Developing Your Own Digital Film

In the olden days, you would have a roll of film that you could take to your local drug store and have them develop it. But a serious photographer would likely develop their own photos to maintain complete creative control. While photo editing software has largely replaced the darkroom of old, the images are still held on physical media, and that means there’s room for improvement and customization. In an article for photofocus, [Joseph Nuzzo] shows how you can make your own CFexpress card — the latest and greatest in the world of digital camera storage tech — for less than $100 USD.

The idea here is pretty simple, as CFexpress uses PCIe with a different connector. Essentially all you have to do is get a M.2 2230 NVMe drive and put it into an adapter. In this case [Joseph] is using a turn-key model from Sintech, but we’ve shown in the past how you can roll your own.

Now you might not give it much thought normally, but NVMe devices get pretty hot. This usually isn’t problem inside a large computer case, where they often have large amounts of air blowing over them. But inside a camera you need to dissipate that heat, so thermal compound is a must. With everything screwed together, you have your own card that’s faster and cheaper than commercial offerings.

It’s no secret that there’s a lot of love for NVMe. It’s easy, fast, and adaptable. Since the M.2 slot format includes SATA and PCIe, there’s a likely chance there is a PCIe bus in many cameras. The PCIe bus on the Pi has been convenient for hacking, and we wonder what sort of hacks are out there for cameras.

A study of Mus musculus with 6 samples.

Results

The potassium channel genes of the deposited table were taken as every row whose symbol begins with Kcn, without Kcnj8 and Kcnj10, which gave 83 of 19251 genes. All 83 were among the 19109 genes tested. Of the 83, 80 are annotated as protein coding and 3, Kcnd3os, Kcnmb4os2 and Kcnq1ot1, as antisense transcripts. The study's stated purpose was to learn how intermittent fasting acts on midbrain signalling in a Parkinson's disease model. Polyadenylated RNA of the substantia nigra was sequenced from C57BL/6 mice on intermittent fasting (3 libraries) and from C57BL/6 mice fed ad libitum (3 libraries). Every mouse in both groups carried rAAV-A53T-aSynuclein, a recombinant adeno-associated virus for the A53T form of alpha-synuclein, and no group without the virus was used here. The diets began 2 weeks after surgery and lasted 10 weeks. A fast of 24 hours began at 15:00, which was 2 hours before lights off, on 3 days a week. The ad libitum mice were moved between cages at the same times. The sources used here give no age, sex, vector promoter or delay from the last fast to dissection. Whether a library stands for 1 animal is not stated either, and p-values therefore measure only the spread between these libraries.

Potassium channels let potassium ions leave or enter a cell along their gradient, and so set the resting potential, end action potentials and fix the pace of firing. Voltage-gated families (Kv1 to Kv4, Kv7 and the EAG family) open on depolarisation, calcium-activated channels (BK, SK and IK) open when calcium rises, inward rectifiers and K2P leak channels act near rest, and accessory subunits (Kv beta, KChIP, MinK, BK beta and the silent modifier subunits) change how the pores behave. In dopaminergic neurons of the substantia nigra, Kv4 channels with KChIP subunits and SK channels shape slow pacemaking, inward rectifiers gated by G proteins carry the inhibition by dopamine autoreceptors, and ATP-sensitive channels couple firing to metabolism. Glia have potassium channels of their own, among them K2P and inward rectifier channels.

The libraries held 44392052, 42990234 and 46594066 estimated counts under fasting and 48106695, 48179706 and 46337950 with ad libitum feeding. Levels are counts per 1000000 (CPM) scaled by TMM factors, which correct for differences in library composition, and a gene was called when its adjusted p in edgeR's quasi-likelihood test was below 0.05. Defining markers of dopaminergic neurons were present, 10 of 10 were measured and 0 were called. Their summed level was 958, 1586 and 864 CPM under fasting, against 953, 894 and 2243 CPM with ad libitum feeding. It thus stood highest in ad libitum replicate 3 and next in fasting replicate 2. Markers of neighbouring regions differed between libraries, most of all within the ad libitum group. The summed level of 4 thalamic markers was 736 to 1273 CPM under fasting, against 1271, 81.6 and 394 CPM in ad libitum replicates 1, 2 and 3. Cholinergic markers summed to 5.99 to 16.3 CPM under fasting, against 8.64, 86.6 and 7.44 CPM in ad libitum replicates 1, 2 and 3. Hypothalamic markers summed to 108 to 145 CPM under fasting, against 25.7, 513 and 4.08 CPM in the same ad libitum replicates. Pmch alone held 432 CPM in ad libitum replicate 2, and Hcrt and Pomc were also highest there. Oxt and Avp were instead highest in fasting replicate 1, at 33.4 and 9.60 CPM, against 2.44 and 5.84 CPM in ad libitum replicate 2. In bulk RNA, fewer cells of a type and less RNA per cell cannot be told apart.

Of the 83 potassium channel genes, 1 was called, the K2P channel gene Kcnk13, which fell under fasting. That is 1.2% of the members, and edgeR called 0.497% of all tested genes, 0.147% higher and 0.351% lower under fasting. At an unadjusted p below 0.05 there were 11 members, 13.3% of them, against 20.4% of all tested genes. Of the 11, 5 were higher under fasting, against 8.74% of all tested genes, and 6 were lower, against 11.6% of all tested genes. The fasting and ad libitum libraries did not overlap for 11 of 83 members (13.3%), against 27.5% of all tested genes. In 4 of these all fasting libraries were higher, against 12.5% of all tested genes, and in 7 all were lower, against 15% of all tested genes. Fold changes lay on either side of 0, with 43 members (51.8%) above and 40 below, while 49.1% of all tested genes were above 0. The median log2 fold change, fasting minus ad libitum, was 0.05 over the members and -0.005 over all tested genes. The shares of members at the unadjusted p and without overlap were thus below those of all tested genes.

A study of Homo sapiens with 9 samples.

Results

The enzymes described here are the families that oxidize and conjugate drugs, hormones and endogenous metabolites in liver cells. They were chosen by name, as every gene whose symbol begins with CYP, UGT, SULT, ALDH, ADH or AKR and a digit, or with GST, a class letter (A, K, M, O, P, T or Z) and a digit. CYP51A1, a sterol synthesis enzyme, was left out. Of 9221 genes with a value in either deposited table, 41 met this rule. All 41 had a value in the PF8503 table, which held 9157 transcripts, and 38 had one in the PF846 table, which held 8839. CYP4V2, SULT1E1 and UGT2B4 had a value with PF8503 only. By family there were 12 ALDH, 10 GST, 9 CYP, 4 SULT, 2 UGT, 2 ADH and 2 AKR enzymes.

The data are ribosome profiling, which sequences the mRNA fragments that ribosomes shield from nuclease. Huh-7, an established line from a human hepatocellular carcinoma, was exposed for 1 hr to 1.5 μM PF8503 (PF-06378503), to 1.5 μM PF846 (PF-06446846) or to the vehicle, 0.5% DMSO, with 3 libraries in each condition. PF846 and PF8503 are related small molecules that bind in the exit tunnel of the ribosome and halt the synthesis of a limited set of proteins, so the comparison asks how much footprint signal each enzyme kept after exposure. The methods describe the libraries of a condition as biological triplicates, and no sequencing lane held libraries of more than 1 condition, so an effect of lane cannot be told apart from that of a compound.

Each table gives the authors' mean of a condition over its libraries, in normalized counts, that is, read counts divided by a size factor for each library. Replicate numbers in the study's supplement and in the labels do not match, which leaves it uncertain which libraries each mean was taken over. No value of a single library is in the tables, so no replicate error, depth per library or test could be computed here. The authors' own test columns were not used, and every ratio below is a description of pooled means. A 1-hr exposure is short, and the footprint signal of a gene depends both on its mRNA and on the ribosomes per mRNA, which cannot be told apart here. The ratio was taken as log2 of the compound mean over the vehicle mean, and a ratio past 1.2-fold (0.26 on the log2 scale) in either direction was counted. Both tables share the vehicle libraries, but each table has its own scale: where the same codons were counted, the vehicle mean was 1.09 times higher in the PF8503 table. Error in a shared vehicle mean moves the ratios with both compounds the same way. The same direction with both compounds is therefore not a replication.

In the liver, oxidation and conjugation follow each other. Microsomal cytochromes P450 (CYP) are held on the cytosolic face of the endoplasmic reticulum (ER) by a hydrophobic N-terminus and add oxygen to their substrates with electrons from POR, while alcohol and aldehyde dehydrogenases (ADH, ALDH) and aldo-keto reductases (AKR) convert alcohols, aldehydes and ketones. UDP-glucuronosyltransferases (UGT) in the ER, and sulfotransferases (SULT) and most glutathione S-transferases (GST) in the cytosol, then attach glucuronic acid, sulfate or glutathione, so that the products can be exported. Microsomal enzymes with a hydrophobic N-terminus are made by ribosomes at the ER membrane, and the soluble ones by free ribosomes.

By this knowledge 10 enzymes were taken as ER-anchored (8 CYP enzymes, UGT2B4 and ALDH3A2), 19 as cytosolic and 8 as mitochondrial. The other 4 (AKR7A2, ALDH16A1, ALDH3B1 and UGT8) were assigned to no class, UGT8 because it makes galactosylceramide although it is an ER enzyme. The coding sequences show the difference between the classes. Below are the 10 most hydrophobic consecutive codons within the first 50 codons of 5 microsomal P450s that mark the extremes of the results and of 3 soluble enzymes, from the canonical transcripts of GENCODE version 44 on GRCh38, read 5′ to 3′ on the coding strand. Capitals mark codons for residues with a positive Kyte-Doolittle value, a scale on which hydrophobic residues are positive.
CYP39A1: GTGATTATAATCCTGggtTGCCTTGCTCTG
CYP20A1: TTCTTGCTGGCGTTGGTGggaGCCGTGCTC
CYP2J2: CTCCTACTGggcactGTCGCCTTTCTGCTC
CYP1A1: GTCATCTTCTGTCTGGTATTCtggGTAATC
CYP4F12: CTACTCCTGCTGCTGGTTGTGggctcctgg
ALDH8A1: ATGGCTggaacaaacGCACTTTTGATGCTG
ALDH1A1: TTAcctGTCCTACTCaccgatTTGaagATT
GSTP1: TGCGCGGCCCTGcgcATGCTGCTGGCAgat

5 thoughts on “Developing Your Own Digital Film

    1. That might be among the reasons the CFexpress adapter lists explicity compatibility lists. (and explicitly incompatible SSDs as well!)

      Seeing that the adapter seems to be passive:

      Interestingly, all, the M.2 PCIe SSDs, SDExpress and CFExpress Wikipedia articles say cards must support the NVMe protocol – which really means that the incompatibilties stem from either the host devices (cameras) doing something else or the articles are incomplete (CFExpress has a superset of NVMe commands / a subset of possible NVMe SSD behaviour), there’s firmware restrictions (i.e., some SSDs actually “speak” a secondary CFExpress-specific command set, but don’t advertise that behaviour), or there’s an electrical limit (current, supply voltage) that only a few cards fulfill.

  1. I live in the tropics and suspect heat dissipation will be an issue, but it won’t prevent me from giving this a go to increase them write speeds on my 40Mp+ camera . Thanks for bringing it to my attention!

  2. In photography developing means you are doing something to the image AFTER you have acquired it and has nothing to do with recording or capturing it, which is what this article is about. I speak from over 30 years of shooting and developing/processing film and nearly 30 years of shooting and processing/developing digital.
    The article has some interesting ideas, but this jerry rig could be hazardous to your gear (it mentioned heat dissipation issues). Maybe use it on a camera you don’t mind frying.